Web Application Assessments
What is a web application assessment?
A web application assessment seeks to discover any vulnerabilities in application functionality, along with assessing the effectiveness of any security controls used by the application. The testing engineer looks at the application through the eyes of an adversary, and using this perspective, identifies and documents weak points in the application. This documentation is then provided to the application developer so that any findings can be remediated.
What is the web application assessment process?
A web application test always starts with information discovery. The testing engineer uses automated tools to get a list of available web pages and endpoints, at the same time, the engineer manually navigates around the application to get a feel for available functionality, what kind of data is being sent and received, and if there are any areas of particular interest.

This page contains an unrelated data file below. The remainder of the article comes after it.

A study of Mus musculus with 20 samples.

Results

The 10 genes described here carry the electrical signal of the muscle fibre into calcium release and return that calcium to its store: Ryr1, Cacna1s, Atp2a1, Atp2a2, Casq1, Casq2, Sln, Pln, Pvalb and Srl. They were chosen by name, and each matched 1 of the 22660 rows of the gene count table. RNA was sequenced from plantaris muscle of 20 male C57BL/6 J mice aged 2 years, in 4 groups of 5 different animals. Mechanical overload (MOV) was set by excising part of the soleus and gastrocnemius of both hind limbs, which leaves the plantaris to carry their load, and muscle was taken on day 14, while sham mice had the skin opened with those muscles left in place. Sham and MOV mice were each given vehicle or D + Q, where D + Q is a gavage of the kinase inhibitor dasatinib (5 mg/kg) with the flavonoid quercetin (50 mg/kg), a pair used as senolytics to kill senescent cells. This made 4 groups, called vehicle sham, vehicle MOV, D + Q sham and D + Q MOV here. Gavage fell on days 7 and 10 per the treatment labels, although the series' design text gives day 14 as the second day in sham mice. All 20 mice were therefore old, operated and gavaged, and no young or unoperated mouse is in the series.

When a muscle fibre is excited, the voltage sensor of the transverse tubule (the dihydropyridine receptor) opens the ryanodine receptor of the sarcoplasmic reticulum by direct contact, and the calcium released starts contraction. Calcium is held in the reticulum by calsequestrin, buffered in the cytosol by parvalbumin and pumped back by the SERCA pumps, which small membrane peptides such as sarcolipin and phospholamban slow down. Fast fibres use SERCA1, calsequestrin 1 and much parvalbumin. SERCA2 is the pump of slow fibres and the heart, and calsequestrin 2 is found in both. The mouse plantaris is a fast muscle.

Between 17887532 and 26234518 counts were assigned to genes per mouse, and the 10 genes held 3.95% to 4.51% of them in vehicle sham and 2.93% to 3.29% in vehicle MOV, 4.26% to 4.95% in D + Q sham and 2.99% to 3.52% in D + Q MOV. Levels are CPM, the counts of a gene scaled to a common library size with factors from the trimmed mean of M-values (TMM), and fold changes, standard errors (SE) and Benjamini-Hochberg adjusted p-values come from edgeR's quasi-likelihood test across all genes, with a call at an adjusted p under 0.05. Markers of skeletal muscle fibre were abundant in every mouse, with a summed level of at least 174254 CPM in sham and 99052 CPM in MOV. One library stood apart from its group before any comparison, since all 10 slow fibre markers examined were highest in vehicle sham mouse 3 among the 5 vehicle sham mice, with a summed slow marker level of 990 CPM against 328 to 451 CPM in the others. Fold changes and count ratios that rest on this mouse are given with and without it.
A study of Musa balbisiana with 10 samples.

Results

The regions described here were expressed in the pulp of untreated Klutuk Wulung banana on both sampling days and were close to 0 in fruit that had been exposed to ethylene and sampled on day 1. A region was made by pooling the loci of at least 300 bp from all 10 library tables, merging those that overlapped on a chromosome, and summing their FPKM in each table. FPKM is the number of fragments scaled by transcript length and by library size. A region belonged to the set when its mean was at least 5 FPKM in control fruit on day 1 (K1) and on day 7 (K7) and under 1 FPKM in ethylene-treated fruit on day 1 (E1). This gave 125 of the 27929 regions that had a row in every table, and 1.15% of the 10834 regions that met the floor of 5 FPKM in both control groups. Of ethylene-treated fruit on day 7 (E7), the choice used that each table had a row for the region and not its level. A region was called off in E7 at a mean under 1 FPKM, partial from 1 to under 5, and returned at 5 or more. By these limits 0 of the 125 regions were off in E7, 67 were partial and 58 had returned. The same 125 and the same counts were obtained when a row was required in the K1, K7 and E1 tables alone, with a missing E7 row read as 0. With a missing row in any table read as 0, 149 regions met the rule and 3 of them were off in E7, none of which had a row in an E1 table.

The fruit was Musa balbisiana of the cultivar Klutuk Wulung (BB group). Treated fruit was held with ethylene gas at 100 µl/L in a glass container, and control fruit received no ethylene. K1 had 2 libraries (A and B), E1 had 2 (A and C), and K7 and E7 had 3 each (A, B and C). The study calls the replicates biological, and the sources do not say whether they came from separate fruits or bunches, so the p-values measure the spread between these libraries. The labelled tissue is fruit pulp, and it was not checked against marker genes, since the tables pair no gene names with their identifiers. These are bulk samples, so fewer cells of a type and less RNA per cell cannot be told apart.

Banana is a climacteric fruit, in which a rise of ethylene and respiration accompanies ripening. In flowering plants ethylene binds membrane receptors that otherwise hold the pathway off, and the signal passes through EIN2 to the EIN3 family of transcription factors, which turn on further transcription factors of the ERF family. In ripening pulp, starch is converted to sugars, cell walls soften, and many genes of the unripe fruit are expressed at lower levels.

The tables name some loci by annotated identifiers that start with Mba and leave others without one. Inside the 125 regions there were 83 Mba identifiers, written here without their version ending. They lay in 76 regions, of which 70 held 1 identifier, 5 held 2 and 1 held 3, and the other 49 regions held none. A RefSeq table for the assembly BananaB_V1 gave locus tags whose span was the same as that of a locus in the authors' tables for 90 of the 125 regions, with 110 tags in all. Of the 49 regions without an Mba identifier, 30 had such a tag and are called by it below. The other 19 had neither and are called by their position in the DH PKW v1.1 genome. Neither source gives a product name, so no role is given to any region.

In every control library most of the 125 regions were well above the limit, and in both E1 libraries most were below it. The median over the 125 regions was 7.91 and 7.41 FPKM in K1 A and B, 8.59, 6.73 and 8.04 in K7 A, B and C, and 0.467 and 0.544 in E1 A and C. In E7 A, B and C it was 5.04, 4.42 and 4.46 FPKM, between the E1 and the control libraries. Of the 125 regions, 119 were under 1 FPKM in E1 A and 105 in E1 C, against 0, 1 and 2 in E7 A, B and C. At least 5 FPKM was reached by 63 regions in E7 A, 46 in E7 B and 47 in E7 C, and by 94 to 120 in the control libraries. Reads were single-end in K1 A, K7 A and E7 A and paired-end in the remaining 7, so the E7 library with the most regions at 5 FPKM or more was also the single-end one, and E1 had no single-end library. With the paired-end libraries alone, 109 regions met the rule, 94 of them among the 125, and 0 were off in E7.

Once a sufficient amount of information about the application is obtained, the engineer starts actively searching for vulnerabilities. Automated scanning tools are used and their results vetted and manually confirmed to find any simple vulnerabilities quickly. Manual techniques are employed to locate more complex vulnerabilities that are difficult to locate with scanners. Manual vulnerability discovery is where the bulk of testing time is spent. Any discovered vulnerabilities are confirmed by performing simple exploits to demonstrate their existence.
The final part to an assessment is the reporting. The engineer assigns a severity rating to each vulnerability, describes the vulnerability and possible remediations, and includes evidence of the finding, along with instructions on how to reproduce the exploitation process the tester used to confirm the finding. Finally, this report is sent to the developer.
White-Box vs Black-Box Assessments
Ideally a test is performed in a “white-box” style where the testing engineer has access to source code and can consult with the application developers. The testing process for a “white-box” test looks very similar to that of a “black-box” test, however the results are overall more accurate, remediation advice can be more targeted, and in general a better picture of the application’s security posture can be obtained.